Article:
Re: HTTP DDoS attack on our servers

From: John Duksta (
Date: 07/09/03

  • Next message: Chris Ricker: "RE: Information Needed on Malicious Traffic"
    Date: Wed, 09 Jul 2003 15:14:45 -0400
    To: Markus Peter <>,

    Sounds like W32/Graps.worm.

    A quick googling for TCP port 45836 turns up the following page at
    Network Associates:

    I quote:

       "The worm scan scans the local class a subnet (#.*.*.*) for target
        systems. The worm creates a remote access server by listening on TCP
        port 45836. This server allows a remote attacker to perform the
        following tasks:

        - Retrieve the following information
        - Uptime
        - Download speed
        - CPU information
        - RAM
        - Disk Usage
        - Specify a target IP address to ICMP/HTTP flood
        - Download/execute files
        - Internet Relay Chat (IRC) functions
        - IP Port Redirection (to create proxies"

    John Duksta, CISSP
    Markus Peter wrote:
    > Hello
    > Since yesterday, about 8pm CET, we observe a strange phenomenon on one 
    > of our servers, which appears like a DDoS attack. The characteristics do 
    > not match those of the typical known UDP DDoS tools but is TCP based.
    > Basically, > 8.000 IP numbers are sending HTTP requests to our server on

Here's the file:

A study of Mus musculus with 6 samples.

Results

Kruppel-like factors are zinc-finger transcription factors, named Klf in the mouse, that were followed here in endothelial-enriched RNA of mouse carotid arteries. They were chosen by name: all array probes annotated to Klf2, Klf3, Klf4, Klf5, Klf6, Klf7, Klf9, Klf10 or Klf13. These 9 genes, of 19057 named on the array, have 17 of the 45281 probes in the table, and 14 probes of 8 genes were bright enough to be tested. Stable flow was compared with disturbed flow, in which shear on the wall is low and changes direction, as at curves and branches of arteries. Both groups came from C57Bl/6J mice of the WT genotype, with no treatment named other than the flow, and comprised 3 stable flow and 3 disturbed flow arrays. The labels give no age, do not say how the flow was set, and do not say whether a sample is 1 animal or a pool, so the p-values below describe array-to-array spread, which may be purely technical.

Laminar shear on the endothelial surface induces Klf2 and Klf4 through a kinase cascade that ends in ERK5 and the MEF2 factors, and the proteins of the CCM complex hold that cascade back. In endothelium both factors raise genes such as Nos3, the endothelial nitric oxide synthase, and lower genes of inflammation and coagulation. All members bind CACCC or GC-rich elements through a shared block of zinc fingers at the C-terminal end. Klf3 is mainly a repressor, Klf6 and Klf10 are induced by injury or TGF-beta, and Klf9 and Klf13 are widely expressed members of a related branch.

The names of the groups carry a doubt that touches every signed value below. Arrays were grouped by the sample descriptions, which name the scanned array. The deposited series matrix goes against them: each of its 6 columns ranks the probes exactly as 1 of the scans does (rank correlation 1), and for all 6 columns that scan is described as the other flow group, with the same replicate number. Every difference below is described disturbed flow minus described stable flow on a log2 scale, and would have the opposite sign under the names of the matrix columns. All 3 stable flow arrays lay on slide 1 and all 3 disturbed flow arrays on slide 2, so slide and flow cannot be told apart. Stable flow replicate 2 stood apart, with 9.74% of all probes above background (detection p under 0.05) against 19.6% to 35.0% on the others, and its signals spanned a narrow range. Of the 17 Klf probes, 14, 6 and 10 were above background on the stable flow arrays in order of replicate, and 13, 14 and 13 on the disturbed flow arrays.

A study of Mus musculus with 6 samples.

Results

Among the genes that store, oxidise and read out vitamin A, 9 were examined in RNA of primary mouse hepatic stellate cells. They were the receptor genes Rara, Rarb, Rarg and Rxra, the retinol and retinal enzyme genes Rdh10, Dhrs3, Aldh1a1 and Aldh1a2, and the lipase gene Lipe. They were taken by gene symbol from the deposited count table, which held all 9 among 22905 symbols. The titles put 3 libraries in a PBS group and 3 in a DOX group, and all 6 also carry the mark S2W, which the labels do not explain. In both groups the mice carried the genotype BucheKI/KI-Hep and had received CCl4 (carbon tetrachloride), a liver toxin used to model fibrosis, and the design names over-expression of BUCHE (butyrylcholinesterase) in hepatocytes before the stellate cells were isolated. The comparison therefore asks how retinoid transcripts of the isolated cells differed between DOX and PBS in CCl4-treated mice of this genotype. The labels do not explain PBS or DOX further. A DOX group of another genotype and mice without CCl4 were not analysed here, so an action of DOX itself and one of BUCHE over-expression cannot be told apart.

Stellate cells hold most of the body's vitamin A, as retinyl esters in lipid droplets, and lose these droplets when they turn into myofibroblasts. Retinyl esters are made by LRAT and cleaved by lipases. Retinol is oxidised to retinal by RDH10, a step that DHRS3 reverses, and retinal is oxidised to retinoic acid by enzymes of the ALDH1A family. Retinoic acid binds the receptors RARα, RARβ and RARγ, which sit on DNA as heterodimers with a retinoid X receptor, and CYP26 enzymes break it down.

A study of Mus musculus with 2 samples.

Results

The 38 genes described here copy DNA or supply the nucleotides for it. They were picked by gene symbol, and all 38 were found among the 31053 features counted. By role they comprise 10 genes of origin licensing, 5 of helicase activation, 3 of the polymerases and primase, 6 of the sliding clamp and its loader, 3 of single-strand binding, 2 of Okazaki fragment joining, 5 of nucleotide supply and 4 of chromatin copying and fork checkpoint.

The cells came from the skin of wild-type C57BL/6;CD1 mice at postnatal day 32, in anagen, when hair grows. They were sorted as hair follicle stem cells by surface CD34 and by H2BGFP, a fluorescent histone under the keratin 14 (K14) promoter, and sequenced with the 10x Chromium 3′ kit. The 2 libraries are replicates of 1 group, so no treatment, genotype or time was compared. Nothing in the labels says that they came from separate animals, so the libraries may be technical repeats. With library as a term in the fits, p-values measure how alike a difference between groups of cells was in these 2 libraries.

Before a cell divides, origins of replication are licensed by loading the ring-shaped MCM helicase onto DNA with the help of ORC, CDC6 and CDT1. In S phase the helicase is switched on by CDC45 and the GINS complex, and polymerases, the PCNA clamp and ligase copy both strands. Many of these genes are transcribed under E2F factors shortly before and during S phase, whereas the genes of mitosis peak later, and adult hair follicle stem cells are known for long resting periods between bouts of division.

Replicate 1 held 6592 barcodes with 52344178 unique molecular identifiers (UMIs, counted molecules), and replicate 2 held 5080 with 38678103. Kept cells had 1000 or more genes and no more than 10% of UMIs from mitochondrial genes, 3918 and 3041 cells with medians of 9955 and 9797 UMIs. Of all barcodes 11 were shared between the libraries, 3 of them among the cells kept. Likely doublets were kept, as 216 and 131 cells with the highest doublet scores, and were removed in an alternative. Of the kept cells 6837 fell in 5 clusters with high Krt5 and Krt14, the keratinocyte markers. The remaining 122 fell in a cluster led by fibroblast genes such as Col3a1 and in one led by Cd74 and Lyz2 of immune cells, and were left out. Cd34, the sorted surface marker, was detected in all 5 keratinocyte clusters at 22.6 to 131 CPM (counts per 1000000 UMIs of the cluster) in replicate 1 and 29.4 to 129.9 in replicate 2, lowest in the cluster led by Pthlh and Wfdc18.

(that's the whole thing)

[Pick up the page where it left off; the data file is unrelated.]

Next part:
> a non-HTTP port (8000), which ran an entirely different, not HTTP 
    > related service on this machine. The IP numbers are mostly assigned to 
    > Europe and North America.
    > The requests always look the same way:
    > GET /index.htm HTTP/1.1
    > Accept: */*
    > User-Agent: UserAgent
    > Connection: close
    > Host: <our ip number>
    > Please note that they literally supplied "UserAgent" as User-Agent - I 
    > only removed our ip number from the requests. Each attacking host opens 
    > multiple connections per second. Even though the server which ran at 
    > 8000 could not handle HTTP requests at all and immediately closed the 
    > connection after the first sent line, the sheer number of connection 
    > attempts was enough to basically force us to put the service offline, as 
    > we had over 60.000 concurrent TCP connections due to this.
    > Due to the above described characteristics, I'm pretty sure that it's 
    > not just a misguided link on some large website, but some sort of 
    > non-browser program doing the requests.
    > We nmapped some of the requesting machines. All of the scanned hosts 
    > appear to be running windows, with all of them having TCP port 45836 
    > open. If we try connecting to that port, the connection is either 
    > immediately closed again by the remote end, or occasionally kept open 
    > indefinitely, but in neither case any data is sent back to us.
    > I'm now completely puzzled on what is happening and what kind of tool we 
    > confront. Anyone else experiences incidents like those?